50 Smartest Companies
They’re not just disruptive—these 50 companies are also intelligent in the way they build their businesses.
The 50 companies on our annual list of the “smartest” businesses in the world make disruptive technologies. The phrase is much abused by technologists. Mostly, it just means “new and good.” Insofar as it can be used precisely, it must be employed as Clayton Christensen, the Harvard Business School professor who coined the phrase, intended: he wanted to convey the idea that certain innovations possess “attributes” that create new (initially low-end) markets and displace existing businesses.
The 50 are ranked more or less arbitrarily. Nonetheless, three companies —Illumina, Tesla, and Google—justifiably lead our list, by virtue of the disruptiveness of their technologies and the intelligence with which they built their businesses.
Illumina, the smartest of all, wowed us. The company exploits the fundamental copying mechanism of DNA in order to read the sequence of a human genome. (The process is called sequencing by synthesis: fluorescently labeled bases are added to single DNA strands from a sample and read, in massively multiplexed fashion.) Through technology it invented or acquired from Solexa, Illumina has forced an astounding increase in the pace of sequencing and an equally astounding drop in sequencing’s cost (five times faster than Moore’s Law). Illumina’s machines are beautiful to contemplate: so slick they don’t have a single button and so powerful they can generate a genome for $1,000. (By contrast, the Human Genome Project cost $3 billion; as recently as 2006, it cost $10 million to sequence a human genome.)
Illumina’s technology is truly disruptive. In richer countries, everyone’s genomes will be decoded. The impact will be new categories of drugs, better matching of therapeutics to the patients who will benefit most, and startling insights into what makes us human.
Elsewhere in the issue, we describe two other disruptive technologies: Google Glass (see “Glass, Darkly,” by Simson Garfinkel) and Bitcoin (which is owned by no company: see “Marginally Useful,” by Paul Ford). Glass, Garfinkel writes, “fundamentally transforms … human-computer interactions, making them more intimate.” Ford says, “Today, there are thousands of people loyal to the ideology and opportunities that Bitcoin represents. They imagine a world where economies are less dependent on banks and governments, and they’re actually using Bitcoin, often in disruptive ways.”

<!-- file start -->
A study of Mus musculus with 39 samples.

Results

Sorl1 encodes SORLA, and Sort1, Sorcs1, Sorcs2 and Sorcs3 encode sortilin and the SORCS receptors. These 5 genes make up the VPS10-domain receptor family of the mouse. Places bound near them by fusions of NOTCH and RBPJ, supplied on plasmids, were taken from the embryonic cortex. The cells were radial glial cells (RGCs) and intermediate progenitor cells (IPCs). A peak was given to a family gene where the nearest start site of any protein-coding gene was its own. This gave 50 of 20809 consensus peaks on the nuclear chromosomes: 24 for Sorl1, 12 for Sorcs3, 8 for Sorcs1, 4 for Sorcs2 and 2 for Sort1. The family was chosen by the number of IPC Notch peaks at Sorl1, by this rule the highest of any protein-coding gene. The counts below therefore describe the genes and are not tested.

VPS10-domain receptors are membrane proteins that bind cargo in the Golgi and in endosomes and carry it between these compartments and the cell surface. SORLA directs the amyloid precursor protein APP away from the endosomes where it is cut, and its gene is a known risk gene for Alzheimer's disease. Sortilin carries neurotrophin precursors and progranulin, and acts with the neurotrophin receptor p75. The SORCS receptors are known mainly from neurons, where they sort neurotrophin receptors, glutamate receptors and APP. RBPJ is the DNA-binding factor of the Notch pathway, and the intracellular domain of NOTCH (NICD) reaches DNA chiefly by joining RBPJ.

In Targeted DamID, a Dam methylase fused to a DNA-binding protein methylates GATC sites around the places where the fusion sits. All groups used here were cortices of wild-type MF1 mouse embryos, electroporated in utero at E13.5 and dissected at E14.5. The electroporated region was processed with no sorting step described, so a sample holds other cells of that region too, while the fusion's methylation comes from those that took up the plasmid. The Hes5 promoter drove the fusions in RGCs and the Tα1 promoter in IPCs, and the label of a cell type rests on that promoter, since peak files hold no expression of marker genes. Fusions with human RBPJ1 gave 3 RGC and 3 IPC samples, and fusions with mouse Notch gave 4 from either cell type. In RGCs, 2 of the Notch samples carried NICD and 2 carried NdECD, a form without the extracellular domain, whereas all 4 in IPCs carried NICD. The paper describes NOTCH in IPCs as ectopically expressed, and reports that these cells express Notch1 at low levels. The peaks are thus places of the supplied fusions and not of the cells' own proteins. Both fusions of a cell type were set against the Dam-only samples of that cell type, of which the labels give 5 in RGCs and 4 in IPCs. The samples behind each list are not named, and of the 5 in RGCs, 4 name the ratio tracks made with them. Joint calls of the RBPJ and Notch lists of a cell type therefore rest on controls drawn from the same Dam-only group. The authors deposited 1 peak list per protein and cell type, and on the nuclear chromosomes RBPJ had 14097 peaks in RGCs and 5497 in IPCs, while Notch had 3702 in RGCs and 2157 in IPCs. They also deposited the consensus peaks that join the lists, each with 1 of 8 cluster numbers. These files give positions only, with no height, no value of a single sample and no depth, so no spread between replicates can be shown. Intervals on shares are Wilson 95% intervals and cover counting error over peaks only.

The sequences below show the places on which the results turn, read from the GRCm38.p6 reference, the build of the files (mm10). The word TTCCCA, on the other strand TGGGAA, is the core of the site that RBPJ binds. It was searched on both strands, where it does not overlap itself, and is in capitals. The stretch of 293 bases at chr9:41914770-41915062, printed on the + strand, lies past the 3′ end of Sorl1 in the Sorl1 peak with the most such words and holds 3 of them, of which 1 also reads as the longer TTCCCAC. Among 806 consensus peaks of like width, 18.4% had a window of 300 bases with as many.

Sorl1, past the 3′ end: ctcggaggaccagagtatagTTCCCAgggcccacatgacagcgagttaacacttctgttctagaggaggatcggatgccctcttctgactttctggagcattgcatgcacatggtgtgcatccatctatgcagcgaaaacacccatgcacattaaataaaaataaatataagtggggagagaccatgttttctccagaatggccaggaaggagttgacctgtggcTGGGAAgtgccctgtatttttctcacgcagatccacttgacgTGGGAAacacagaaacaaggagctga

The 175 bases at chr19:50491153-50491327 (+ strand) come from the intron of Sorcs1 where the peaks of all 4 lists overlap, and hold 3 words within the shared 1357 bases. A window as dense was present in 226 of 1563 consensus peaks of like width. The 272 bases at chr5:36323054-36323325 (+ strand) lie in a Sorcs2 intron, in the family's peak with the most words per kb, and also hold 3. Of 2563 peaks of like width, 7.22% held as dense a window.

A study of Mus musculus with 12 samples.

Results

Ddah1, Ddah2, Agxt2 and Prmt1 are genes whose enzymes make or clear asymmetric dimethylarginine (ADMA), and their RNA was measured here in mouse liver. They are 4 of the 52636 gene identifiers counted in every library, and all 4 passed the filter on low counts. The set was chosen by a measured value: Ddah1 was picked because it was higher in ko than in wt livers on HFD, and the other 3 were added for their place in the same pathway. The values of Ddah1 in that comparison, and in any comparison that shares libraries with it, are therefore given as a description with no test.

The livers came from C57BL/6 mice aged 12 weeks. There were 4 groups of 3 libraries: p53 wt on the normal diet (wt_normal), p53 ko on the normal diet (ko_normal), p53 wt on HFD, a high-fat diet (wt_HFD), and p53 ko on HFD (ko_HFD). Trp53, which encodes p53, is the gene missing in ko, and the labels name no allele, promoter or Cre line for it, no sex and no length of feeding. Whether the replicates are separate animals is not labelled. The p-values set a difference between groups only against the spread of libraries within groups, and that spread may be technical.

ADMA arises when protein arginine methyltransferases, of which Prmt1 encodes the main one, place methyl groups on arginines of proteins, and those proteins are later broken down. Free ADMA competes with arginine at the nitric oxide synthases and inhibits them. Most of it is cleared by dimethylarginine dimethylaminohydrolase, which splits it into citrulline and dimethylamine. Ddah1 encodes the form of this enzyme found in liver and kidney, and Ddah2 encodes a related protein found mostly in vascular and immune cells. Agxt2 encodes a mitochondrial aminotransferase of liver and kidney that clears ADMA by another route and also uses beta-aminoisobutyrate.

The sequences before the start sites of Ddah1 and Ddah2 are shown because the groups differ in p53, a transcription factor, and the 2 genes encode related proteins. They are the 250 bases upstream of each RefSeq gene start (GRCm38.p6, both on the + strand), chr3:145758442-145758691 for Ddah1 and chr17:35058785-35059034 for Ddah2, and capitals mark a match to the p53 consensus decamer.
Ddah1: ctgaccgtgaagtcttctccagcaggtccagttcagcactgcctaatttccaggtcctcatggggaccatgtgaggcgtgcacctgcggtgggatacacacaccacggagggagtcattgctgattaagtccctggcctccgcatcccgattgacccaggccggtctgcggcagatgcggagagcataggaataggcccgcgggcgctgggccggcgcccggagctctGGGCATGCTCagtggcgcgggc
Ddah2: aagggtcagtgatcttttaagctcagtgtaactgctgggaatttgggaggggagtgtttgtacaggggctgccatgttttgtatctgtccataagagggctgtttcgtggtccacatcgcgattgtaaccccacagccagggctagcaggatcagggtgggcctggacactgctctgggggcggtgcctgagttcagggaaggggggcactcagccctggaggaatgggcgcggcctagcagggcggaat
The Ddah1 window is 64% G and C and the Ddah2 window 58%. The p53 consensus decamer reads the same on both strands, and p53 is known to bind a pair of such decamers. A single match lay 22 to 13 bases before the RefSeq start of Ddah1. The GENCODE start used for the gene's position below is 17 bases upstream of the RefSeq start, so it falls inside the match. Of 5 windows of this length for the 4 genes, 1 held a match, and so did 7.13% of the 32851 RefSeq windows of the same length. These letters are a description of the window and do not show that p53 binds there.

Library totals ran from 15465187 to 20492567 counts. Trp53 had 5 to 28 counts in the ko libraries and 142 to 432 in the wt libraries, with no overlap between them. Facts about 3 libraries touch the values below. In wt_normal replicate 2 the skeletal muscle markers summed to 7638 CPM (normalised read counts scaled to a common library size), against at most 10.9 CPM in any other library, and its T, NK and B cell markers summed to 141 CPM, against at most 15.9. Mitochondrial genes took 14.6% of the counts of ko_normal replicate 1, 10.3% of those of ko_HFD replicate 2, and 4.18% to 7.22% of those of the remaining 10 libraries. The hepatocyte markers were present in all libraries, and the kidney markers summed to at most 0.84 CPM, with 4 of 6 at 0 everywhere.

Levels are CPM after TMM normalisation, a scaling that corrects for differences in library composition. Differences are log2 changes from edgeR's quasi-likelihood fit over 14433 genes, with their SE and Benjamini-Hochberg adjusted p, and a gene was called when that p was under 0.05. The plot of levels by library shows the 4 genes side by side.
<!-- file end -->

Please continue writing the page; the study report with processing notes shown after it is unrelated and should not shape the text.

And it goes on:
But Illumina’s technology, Glass, and Bitcoin are not only disruptive (in the sense that new markets for novel things displace older markets and things, and all the associated human habits that attached themselves to those old things). The developer and blogger Dave Winer recently wrote, “Every [successful] product is both disruptive and constructive. It disrupts someone’s business, and adds new art.” This must be right; new technologies would not be embraced if they were merely destructive. Successful products always offer more to customers (or to some powerful component of society) than the costs of their adoption.
Clay Shirky, a professor at New York University, likes to say, “It’s not a revolution if nobody loses.” With a little science-fictional speculation, one can imagine the negative consequences of genome sequencing, Glass, and Bitcoin, and one can guess who would suffer most if they were broadly adopted. (Briefly: communities with genetic defects, who could face discrimination or be edited out of existence; we who care about privacy; and anyone who has ever benefited from monetary policy.) But, equally, it’s true that there are no revolutions if no one benefits. Therefore that it may raise up, technology throws down.